Jeff Bezos, owner of the world's largest bookshop, famously defined a book as paper and binding. Then he made a fortune on the position that there is no good reason to actually pay a writer: The time involved to think up, write, and polish a book until your brain goes numb has no place on a spreadsheet. Daniel Ek, CEO of Spotify, helpfully suggested that a constant stream of singles, rather than carefully crafted albums, would generate more pennies for the musicians whose careers he's wrecked. Twitter and Facebook have made communication so efficient that we can't stand each other anymore.
In a world swamped by data metrics, we've developed a fetish for efficiency. In a lot of ways that's a good thing — engineering in modern cars leaps to mind. It's also a tricky thing. Consider the American beer industry after prohibition, where a few large players dominated the market, determined to grow not on quality but efficiency. Each brewery chased the other's market share by tasting more like the competition, which basically left America with two choices of fabulously cheap and nearly identical beers. For most of the 20th century, good ole American know-how made the United States the most efficient beer industry in the world. It was also the worst place in the world to live were you a beer-lover. Murffbrau's heroic run in Tuscaloosa when I was an undergrad was not because I knew how to make good beer. The stuff was terrible, but it was different. I was also giving it away. I was also insane.
- Richard Murff
My point still stands — embracing a bit of inefficiency in order to make something a little different is what transformed the U.S. beer market from the worst place to be for a beer-lover to arguably the best in less than a generation.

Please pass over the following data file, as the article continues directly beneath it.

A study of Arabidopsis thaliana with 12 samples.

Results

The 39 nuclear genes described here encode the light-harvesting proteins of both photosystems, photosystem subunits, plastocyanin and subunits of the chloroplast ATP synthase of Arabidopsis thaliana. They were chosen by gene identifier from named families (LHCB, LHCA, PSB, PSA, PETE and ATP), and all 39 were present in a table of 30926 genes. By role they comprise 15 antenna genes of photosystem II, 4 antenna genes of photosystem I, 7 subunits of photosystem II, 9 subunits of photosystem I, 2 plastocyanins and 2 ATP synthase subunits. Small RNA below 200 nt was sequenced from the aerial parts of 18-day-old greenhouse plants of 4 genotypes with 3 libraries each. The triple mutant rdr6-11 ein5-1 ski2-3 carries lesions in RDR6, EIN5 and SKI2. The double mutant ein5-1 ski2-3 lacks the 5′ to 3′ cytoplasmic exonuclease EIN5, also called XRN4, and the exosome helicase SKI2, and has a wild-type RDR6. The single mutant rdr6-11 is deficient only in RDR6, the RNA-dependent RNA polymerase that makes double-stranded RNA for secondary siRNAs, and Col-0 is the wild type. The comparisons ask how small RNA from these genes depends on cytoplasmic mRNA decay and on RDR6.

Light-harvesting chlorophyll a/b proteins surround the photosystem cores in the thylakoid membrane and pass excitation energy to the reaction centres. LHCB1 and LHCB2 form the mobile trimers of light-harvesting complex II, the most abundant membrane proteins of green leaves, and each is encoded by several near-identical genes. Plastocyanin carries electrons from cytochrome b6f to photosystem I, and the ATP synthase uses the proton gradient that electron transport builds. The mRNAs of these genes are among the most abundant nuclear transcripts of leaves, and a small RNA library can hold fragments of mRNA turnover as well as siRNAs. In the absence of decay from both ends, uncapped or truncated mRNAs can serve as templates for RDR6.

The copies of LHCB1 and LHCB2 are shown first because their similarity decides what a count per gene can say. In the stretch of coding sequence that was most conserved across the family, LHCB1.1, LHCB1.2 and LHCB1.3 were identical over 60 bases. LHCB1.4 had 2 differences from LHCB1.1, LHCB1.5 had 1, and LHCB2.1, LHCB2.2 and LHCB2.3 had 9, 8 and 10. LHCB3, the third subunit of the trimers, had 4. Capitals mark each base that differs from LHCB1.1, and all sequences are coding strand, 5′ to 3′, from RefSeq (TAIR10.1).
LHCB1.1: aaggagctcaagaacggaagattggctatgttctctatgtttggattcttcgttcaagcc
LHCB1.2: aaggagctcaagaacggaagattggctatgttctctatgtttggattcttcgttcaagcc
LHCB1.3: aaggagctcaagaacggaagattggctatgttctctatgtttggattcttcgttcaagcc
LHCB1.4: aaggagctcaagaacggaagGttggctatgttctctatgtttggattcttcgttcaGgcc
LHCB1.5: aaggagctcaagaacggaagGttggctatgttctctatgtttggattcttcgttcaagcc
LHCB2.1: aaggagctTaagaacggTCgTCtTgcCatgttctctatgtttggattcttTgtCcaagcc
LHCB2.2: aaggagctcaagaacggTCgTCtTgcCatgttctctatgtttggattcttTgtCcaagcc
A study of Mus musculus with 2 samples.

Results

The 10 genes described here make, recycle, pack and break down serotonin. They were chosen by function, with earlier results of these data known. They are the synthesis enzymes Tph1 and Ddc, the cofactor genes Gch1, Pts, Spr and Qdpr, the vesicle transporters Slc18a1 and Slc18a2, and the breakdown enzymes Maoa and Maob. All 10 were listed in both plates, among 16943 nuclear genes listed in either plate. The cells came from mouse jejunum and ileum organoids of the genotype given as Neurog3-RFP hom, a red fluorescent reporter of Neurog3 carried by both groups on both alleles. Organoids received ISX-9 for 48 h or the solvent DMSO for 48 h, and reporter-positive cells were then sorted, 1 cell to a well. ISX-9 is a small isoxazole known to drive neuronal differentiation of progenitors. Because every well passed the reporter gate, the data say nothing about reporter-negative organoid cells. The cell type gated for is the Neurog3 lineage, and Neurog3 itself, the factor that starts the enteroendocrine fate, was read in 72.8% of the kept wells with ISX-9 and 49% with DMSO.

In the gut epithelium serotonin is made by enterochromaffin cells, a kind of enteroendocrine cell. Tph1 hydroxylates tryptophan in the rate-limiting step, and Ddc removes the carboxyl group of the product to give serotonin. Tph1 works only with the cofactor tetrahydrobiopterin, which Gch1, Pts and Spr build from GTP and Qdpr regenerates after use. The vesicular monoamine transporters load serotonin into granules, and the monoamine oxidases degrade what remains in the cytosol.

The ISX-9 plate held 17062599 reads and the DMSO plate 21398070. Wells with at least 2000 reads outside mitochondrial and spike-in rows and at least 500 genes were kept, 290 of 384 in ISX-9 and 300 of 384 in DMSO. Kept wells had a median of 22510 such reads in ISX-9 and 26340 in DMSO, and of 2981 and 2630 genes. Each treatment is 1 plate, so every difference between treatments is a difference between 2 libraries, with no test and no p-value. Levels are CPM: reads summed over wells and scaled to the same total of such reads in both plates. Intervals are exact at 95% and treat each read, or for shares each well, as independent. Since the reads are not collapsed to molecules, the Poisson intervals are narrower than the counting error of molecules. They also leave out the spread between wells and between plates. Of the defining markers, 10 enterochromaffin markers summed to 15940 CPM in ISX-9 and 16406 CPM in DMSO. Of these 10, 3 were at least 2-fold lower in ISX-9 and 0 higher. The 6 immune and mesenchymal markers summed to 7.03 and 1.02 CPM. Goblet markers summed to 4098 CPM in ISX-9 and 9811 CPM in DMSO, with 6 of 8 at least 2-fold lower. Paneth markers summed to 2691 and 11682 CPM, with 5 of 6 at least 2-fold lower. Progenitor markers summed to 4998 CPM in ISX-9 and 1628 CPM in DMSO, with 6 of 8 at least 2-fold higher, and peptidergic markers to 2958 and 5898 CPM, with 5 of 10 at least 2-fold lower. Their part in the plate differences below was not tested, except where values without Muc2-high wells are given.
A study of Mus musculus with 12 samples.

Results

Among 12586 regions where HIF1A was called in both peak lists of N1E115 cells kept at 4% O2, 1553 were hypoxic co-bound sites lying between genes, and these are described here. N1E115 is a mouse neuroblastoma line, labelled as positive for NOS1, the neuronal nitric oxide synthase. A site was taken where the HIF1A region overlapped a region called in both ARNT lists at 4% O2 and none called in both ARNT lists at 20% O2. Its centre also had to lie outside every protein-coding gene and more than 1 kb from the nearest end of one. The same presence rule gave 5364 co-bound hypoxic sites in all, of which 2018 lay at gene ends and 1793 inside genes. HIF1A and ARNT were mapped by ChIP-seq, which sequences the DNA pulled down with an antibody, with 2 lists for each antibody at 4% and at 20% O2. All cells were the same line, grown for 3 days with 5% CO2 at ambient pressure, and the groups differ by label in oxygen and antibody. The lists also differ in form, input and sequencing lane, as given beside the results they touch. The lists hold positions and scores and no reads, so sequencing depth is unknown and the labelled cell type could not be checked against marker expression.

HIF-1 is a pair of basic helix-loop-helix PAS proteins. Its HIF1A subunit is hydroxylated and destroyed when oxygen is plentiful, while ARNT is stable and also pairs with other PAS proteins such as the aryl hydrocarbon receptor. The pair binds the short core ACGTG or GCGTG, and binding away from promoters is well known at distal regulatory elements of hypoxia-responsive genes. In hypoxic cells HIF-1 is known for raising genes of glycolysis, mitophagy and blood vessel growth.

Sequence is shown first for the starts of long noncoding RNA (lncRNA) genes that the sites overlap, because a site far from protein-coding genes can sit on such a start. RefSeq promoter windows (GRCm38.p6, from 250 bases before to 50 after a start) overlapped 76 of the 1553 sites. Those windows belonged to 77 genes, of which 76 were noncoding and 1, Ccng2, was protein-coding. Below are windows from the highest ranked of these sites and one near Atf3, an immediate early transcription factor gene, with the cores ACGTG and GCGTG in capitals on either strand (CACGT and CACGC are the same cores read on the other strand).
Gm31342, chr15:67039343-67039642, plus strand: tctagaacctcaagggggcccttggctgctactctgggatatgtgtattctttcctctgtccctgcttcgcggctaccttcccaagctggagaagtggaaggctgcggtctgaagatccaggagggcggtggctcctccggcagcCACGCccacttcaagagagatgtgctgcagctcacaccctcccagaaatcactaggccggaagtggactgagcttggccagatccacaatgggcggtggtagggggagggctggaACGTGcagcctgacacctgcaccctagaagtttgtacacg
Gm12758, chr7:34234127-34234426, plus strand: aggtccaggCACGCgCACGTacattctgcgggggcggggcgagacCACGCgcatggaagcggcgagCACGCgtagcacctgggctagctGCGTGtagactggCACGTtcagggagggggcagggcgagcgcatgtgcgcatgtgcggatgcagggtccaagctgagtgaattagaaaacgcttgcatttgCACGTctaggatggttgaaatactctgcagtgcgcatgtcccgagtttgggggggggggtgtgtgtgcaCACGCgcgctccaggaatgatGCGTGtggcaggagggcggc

I know more people who head to North Carolina's beer tours than to Napa Valley these days. Sure, wine snobs can be insufferable, but because they were always going on about terroir and starlight and a bunch of other imaginary metrics, no one ever expected them to be efficient. Wine-makers are just expected to be vaguely French at heart.
Craft beer is a delicious monument to inefficiencies: small batch, jerry-rigged distribution, and you might see the person who made it at the gas station. Yes, beer people can get as snobby as the wine crowd, but just ignore them. And sure, you get the odd swing-and-a-miss, but that's part of the fun. Besides, a miss isn't always a miss. I've definitely softened my stance on gose beer. For this week's suggestion, I had a High Cotton Scottish Ale, because the unseasonably cold and cloudy weather (it was 88 degrees) put me in the right state of mind. The stars lined up here; it's a great Scottish Ale, what can I say? It just tastes inefficient. It's malty, with a bit of caramel and toffee, but clean. This is important because the mid-80s isn't really all that cold. I've been in the back room of High Cotton. You could eat off the floors back there, but it is not a monument to economies of scale.
Even the distribution of craft beer is wonderfully slipshod if you go by the offerings of the local growler shops around town. And that's the fun part: Put on your gas mask, secure a six-foot perimeter bubble, and say in a loud, clear voice: "Hey, guy, gimme the weirdest thing you've got!" Then say it again because chances are he didn't hear you because your mouth was covered.
Go home, pour a pint, and read a book or listen to music, written by someone who actually thought it out. Or think something out your own damn self. No, it's not very efficient, but beer is a pretty inefficient way to go about getting gassed. If that's the goal, you're better off quaffing vodka.